Against all odds
Born with a hearing and speech impairment, Tlhokomelo Sabole has not let the disability stop her from realising her modelling dream
She was born deaf and dumb but the disability did not stop Tlhokomelo Sabole from pursuing her dream of becoming a model.
The 24-year-old has since made Lesotho proud by winning several international beauty pageants, thereby proving right, the age-old adage that disability is not inability.
Ms Sabole was born and raised in the village of Qeme Ha Thaabe on the outskirts of Maseru, and started her modelling career in 2011. This was after a high school friend had urged her to give modelling a try, and Ms Sabole immediately fell in love with the career.
“I started school at the St Paul School For the Deaf in Leribe district, when I was five years of age. It was a boarding school and to my surprise, I enjoyed being away from home because at the institution, I was surrounded by people who made my life easier and more enjoyable as they also communicated in sign language,” Ms Sabole told the Sunday Express through an interpreter.
“At home, I had to write whatever I wanted to say, on a piece of paper and this was very tiresome and frustrating. Of course, I love being around my family but the issue of communication was a problem, hence I enjoyed being at school more. This was why I would feel that the winter and Christmas holidays were too long because I really enjoyed being at school with people who shared similar challenges with me; people who really understood how I felt and needed to be treated in whatever situation.”
After her primary education, Ms Sabole had to leave the country to further her studies in South Africa.
“After passing my Primary School Leaving Examination, I had to go to South Africa since there was no high school that could accommodate my special needs here in Lesotho. But I had to do Grade Seven first at Bartimea School for the Deaf and Blind, which is located in Thaba ‘Nchu in the Free State.
“However, I could not finish high school and write my matriculation examinations because of financial constraints; I had to drop out when I was in Grade 11. My mother had breast cancer and her medication was very expensive, so the family could not afford paying for both my mother’s treatment and my education. My mother survived after surgery and that’s what makes me happy as she is still alive.”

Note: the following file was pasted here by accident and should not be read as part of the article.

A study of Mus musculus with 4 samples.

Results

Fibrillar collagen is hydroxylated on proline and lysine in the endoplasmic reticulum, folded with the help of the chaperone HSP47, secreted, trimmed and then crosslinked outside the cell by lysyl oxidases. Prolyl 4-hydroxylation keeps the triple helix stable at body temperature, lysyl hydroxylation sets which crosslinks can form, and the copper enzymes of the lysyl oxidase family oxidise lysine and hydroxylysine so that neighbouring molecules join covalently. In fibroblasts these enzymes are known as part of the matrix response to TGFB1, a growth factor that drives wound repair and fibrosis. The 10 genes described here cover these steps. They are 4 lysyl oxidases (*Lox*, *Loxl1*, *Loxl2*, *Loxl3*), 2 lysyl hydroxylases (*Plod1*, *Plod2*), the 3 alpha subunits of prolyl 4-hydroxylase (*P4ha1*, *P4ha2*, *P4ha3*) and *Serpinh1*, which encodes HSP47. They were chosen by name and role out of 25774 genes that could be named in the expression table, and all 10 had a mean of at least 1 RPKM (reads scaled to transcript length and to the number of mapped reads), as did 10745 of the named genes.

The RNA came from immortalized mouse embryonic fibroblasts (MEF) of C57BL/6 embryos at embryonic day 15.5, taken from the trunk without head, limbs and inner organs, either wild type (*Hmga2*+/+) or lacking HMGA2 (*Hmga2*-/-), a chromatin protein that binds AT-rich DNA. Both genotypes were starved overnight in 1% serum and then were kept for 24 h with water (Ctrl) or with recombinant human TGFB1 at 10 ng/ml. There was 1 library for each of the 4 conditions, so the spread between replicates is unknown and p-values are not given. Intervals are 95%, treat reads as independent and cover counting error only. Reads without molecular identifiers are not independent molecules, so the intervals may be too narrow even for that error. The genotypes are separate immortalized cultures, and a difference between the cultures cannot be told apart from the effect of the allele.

Ms Sabole says she is hoping to go back to school next year so she could write her matric exams.
“I have been modeling since I was in high school and I have represented Lesotho in international competitions and won a number of titles. Since I am not at school at the moment, I am doing modelling on a fulltime basis.
“Last year, I was Second Princess in Miss Deaf Africa, which was one of my biggest achievements so far.
“I have been invited to take part in the 2014 Miss Deaf Africa competition to be held in Swaziland from 5-11October, and I am really looking forward to it and hopefully, win the title this time.”
However, Ms Sabole said the trip might fall through if she fails to find a sponsor for her airfare.
“I am really in a dilemma as I don’t have money to pay for my transport to Swaziland. I have to be with a guardian on the trip, so that guardian also needs to have her fare paid, and I don’t have the money at all. I am pleading with Basotho of goodwill to help me with plane tickets to enable me and my guardian to make the trip to and from Swaziland.
“Once I get to Swaziland, organisers of the competition will take care of almost everything else for me and my carer, and that includes transport from and to the airport, accommodation and food. So what I am begging for are plane tickets from here and back.
“I am pleading with local businesses and individuals to support me on this tour and I promise to represent my country with honour at the pageant.”
Meanwhile, Ms Sabole said in addition to modelling, she would also want to have a career in the hospitality industry.
“I want to go to the National Institute for the Deaf in Cape Town to do a hospitality and hotel management course because one day, I would like to run my own hotel here in my beloved country of Lesotho.”
Ms Sabole, who is a member of the National Association for the Deaf-Lesotho (NADL), is considered “ a role model” for young Basotho girls with a hearing disability.
This is according to a NADL member, Ms Malesaoana Mohale, who believes Ms Sabole is “one of a kind”.
“Tlhokomela is a very strong young woman who can take Lesotho far with her modelling talent, which she can use to market this country abroad.
“Since her high school days in South Africa, she knew her roots; she continues to represent the Mountain Kingdom as she is proud of her country. We consider her a role model for young, deaf women in Lesotho, and an inspiration to many like her who can see that disability is not inability,” Ms Mohale said.
“She is confident in everything she does, including modelling, which is her chosen career. This has inspired us, as an organisation, to organise the country’s first-ever beauty pageant for the deaf, although we don’t have a date as yet.”